A pillow foot. Photo by MarVistaVet
Plasma cell pododermatitis is a foot pad disease of cats that is fairly classical in its appearance yet its significance is poorly understood. Plasma cell pododermatitis literally means foot inflammation involving infiltration by plasma cells. Plasma cells are activated lymphocytes in full maturity suddenly and severely producing antibodies, usually in response to an infection or at least in response to some kind of inflammatory process.
The fact that a cell of the activated immune system is involved implies that there is some sort of immune stimulation in the genesis of the disease. Supporting this idea is the observation that therapy targeting the immune system generally controls the disease. So it looks like there is an immunological basis for this disease but, unfortunately, understanding has not progressed far enough to suggest an actual cause for the immunologic problem. Some studies have found a link between plasma cell pododermatitis and feline immunodeficiency virus (FIV) infection so it is important to screen an affected cat for this virus. Exactly what the link is between these two conditions remains unclear but approximately 50 percent of cats with plasma cell pododermatitis are FIV-positive. Other cats will respond to a food allergy diet trial which suggests allergy may be involved in some cases. It may well be that many factors can be involved in creating this disease.
Confirming the Diagnosis
An affected foot pad develops a classic mushy appearance and balloons out as shown in the photo. The skin of the pad may develop a purplish tint and may even ulcerate. All four feet may or may not be affected but rarely is only one foot afflicted. Some cats may be lame, especially on severely affected feet. On blood tests, cats with plasma cell pododermatitis usually have elevated numbers of circulating lymphocytes and high circulating antibody (globulin) levels, so such findings are supportive of making this diagnosis. Furthermore, other foot pad swellings such as tumors, insect bites, or proliferations from eosinophilic granuloma complex usually only affect a single foot. If the physical appearance of the foot is not obvious, a biopsy of the foot pad should confirm the condition, thus leaving no question. Less invasively, a needle aspirate can be used to harvest some cells from the affected foot and check for an abundance of plasma cells.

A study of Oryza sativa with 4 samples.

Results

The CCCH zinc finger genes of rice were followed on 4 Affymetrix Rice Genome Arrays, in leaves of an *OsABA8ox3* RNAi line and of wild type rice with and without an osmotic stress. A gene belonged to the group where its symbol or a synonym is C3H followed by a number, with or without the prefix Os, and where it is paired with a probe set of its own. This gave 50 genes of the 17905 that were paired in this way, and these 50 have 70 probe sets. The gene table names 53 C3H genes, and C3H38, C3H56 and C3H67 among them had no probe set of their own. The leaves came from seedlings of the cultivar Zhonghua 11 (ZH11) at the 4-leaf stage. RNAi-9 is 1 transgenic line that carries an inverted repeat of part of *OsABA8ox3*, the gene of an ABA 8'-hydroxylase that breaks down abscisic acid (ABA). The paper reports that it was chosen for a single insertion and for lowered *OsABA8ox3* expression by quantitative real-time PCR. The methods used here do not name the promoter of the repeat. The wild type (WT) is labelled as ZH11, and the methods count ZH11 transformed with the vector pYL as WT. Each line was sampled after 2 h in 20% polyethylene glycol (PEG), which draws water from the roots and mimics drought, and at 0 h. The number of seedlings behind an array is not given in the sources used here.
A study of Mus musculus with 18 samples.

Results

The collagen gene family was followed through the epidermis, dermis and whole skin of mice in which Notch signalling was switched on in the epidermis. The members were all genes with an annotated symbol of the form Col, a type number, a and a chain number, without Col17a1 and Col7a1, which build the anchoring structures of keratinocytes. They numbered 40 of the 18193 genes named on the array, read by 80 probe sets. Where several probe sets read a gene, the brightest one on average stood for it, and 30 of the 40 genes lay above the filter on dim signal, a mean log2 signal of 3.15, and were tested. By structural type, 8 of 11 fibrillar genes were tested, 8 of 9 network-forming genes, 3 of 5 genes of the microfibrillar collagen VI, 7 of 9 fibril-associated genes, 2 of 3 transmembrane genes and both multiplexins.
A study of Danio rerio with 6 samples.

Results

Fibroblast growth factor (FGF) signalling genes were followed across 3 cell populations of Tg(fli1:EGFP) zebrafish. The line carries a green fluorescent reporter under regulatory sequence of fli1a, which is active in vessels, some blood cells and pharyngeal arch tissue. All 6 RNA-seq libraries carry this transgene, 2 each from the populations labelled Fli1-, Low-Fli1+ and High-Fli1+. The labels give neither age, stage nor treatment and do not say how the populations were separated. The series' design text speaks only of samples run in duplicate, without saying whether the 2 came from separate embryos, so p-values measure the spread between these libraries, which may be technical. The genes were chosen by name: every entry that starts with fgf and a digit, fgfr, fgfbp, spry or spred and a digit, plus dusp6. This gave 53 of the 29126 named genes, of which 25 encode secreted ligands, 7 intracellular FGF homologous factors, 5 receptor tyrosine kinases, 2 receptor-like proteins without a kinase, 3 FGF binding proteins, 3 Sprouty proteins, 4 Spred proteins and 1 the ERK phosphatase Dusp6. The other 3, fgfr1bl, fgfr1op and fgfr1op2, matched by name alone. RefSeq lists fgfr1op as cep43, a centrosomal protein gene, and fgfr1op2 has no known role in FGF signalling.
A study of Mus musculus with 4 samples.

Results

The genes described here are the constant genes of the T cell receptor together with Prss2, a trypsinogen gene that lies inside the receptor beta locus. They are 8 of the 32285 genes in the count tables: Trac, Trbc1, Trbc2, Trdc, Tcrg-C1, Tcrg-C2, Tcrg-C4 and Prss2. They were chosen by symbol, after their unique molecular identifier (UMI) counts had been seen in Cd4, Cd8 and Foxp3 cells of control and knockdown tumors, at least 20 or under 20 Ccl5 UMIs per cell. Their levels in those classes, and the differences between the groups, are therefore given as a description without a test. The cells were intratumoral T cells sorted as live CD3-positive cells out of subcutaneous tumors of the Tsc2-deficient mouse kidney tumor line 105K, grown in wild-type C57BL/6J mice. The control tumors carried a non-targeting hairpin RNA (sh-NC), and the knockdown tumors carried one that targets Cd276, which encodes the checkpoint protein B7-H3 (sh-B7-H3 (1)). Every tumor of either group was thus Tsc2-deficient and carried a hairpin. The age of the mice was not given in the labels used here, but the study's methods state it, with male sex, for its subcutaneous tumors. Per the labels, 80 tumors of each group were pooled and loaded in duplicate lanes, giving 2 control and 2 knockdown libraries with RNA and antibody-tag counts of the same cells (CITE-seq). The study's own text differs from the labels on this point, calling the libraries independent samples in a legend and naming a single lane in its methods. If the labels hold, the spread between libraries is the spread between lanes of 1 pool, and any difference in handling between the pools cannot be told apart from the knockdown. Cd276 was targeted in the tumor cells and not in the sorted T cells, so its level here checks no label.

Modification of the underlying immune reaction is the core of therapy for cats in which therapy is deemed necessary by your veterinarian. At this time, the treatment of choice is oral doxycycline. While doxycycline is an antibiotic, it also has immunomodulating properties and we believe it is these properties that are effective in treating plasma cell pododermatitis. Approximately 50 percent of affected cats will show a good response after two months of therapy. When the condition is in adequate remission, the doxycycline is continued for several months further before discontinuing and seeing if the condition recurs. Alternatively, high doses of an oral steroid such as prednisone may be helpful for cats that did not respond to doxycycline. Cyclosporine, another immunomodulator that is available as a liquid, has also received attention for treating this condition. Should medicating a cat daily prove a bit daunting, another therapy choice might involve injections of methylprednisolone acetate (depomedrol), a long-acting steroid, though there is some potential for side effects. Alternatively, injections of dexamethasone, a shorter-acting steroid, can be given regularly at home.
Large ulcerated masses on the footpads may require surgical removal. In most cases, the condition is manageable and the cat can be made comfortable.